Technology

What's Up With Apple: iPhone Security Patches, DIY NFT, and More

Last Thursday, Apple Inc. (NASDAQ: AAPL) released a security update for its iPhone, iPad and Apple Watch operating systems. The patches are numbered iOS 14.4.2 for the iPhone, iPadOS 14.4.2 and watchOS 7.3.3. Apple also has released patches for operating systems on older devices, including iPhone 5S, 6 and 6 Plus, along with several iPads and the 6th generation iPod touch.

According to the Apple Support site, the patch fixes a hole in the operating systems that processes “maliciously crafted web content [and] may lead to universal cross site scripting.” Apple said it has received a “report that this issue may have been actively exploited.” What this means is that an infected device could, for example, direct people to a phishing site that could harvest personal data. Apple recommends installing the update.

Want to get on the non-fungible token (NFT) craze? There’s an app for that. It’s called S!NG, it’s free and you can use it to create your own NFT that you could sell for millions of Ethereum or other cryptocurrencies.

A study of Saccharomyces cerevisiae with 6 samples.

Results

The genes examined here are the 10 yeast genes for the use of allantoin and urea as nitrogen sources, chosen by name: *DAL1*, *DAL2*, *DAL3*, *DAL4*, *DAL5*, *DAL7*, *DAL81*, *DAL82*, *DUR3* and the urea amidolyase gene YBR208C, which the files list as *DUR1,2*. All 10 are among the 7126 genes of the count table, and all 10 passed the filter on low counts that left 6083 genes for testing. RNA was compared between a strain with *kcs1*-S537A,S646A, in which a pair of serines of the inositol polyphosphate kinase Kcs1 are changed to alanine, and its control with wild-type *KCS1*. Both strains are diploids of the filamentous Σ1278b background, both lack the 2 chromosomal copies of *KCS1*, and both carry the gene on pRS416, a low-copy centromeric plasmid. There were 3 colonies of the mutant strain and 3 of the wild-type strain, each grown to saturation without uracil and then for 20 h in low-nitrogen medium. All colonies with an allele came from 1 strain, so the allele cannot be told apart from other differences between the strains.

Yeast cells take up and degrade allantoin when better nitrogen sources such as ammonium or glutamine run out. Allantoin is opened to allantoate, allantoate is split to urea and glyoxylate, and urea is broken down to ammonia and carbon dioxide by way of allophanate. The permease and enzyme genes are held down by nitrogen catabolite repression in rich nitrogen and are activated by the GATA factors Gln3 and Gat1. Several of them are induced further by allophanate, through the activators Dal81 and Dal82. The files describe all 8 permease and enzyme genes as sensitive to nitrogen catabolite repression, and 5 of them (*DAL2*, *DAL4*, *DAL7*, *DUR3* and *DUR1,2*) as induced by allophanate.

You create the NFT by uploading a piece of art that you have created. The app does not require that people have an Ethereum account and automatically begins creating an NFT of the upload by sending it to the blockchain and then storing it in your catalog in the app. According to 9to5Mac, NFTs stored in a S!NG account can be sold on the Open Sea platform.

A new Apple-funded study by researchers at Stanford University indicates that an iPhone or Apple Watch with the VascTrac app was found to be nearly as effective at collecting passive data from cardiovascular disease patients as was clinic-based treatment. According to a report at MyHealthyApple, “passive activity data acquired by an iPhone and Apple Watch are an accurate predictor of in-clinic 6MWT performance.”

The 6MWT is a six-minute walk test used by physicians to measure aerobic capacity and endurance. The research was conducted on 110 Veterans Affairs patients who used the Apple devices and whose data was compared to data collected in the clinic.

Apple reportedly is considering releasing a ruggedized version of Apple Watch for people who use the smartwatch in extreme environments. According to a report from Bloomberg citing knowledgeable sources, the ruggedized watch “is aimed at athletes, hikers and others who use the device in more extreme environments.” The new watch would include extra impact resistance and protection, much like the Casio line of G-Shock watches.

Finally, MacRumors reports that Apple Maps’ speed camera data has been added for at least some locations in the Netherlands. The speed camera locator is already available to U.S., Canadian, U.K., and Irish drivers through CarPlay or an iPhone. The feature is also reported to be available in Australia, Austria, Sweden, Belgium and New Zealand, but Apple has not confirmed this.